Norway's Biggest Bank Sees Crude Prices Doubling This Year

  • Brent supply-demand balance to improve on 2017 outlook: DNB
  • Says M&A most likely in offshore supply vessel, rig sectors

Oil will break its downward spiral and double in the second-half, according to DNB ASA, Norway’s biggest bank.

“The market will look into 2017 and they will see the supply-demand balance will be different,” Ottar Ertzeid, the head of DNB Markets, said in an interview at a conference in Oslo. “That will be the shift in the sentiment in the oil market, which can change quite rapidly.”

DNB, which keeps a close eye on crude as the biggest bank in western Europe’s biggest oil exporter, sees the price per barrel rising to $65 in the second half of this year after this week slumping to a 12-year low of below $28.

Brent crude fell 0.6 percent to 27.71 a barrel as of 1:31 p.m. in Oslo.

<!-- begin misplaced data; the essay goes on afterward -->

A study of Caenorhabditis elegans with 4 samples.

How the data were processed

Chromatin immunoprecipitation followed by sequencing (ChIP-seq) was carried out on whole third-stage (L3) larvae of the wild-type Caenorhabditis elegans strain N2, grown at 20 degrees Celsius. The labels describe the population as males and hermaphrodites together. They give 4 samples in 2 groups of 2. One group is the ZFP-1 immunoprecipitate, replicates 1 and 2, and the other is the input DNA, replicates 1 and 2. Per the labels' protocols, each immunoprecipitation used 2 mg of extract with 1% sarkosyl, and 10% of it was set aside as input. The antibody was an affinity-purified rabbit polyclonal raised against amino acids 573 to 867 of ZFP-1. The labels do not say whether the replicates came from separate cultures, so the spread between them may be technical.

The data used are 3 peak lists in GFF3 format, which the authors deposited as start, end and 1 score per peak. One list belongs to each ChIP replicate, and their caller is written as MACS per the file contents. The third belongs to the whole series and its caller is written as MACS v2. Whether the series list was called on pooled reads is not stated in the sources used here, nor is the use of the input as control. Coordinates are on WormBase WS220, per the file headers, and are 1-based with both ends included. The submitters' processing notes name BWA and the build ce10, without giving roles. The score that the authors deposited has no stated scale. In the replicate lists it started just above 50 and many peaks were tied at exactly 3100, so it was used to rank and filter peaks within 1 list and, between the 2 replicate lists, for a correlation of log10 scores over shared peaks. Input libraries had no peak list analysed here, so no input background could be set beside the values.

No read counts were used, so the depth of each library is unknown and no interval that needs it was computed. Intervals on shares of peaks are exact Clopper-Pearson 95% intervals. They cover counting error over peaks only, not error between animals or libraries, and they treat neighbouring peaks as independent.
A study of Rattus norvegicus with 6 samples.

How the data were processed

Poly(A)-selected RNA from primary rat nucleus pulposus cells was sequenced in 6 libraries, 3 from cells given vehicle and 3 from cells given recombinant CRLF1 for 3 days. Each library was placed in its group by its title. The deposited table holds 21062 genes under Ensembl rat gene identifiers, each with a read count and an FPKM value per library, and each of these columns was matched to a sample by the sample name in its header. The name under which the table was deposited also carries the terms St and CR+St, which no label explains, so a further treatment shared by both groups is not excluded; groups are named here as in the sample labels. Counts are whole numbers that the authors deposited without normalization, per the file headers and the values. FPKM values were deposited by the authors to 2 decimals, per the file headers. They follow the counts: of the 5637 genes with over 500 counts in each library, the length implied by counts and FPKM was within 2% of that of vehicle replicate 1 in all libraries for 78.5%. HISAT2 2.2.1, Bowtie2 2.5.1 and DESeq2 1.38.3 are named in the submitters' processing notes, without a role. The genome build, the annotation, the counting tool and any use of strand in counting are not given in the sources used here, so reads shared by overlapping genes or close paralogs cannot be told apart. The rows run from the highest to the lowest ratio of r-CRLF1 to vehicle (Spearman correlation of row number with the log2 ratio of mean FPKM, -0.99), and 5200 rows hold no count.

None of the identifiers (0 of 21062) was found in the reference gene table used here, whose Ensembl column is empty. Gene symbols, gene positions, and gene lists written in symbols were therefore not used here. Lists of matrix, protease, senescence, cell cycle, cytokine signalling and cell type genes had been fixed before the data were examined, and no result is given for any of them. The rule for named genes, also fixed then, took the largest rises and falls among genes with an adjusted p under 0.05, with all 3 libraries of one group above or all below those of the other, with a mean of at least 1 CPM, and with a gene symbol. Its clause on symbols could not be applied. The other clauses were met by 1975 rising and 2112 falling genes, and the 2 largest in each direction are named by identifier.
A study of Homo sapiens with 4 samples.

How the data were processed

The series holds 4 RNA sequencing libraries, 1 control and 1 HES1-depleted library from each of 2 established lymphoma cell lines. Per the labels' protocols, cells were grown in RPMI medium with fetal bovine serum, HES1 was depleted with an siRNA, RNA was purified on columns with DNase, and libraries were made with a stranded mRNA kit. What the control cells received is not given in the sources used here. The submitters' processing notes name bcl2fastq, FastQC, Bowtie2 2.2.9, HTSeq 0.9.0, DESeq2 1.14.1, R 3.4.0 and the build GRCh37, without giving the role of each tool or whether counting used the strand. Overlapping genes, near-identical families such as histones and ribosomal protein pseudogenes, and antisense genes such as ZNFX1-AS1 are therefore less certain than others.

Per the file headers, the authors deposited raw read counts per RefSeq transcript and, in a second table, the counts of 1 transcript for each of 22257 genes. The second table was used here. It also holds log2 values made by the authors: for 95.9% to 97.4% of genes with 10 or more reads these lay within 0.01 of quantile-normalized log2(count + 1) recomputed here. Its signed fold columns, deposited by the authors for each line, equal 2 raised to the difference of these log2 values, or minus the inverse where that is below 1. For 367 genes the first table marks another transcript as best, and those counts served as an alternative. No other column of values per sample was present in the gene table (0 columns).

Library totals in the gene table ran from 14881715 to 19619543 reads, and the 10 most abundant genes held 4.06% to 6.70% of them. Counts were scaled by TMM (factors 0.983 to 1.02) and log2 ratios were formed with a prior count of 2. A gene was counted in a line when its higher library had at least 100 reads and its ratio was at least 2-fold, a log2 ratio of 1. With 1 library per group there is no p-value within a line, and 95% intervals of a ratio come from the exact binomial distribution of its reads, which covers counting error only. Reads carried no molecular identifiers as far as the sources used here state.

Brent capped a third annual loss in 2015 as the Organization of Petroleum Exporting Countries effectively abandoned output limits and is now being buffeted further amid concern over Chinese demand and a potential for larger exports out of Iran.

Norway’s oil-heavy stock exchange has slumped with the oil drop, with the OBX index down 23 percent from a high in 2015. That could trigger more deals, according to the markets chief.

“M&A is a possibility mostly in those sectors struggling the most from the low oil prices, which are the offshore supply vessel sector and also the rig sector, where you see financial restructurings going on,” Ertzeid said. “Such situations create possibility for those with fresh money to put that into the market.”

However, shareholders may have to endure more pain before the market improves.

“We are positive toward the stock market but we acknowledge that in the shorter term it will move along with oil prices,” Ertzeid said. “In the short-term it’s anybody’s guess how far will oil prices drop and where will the equity market bottom.”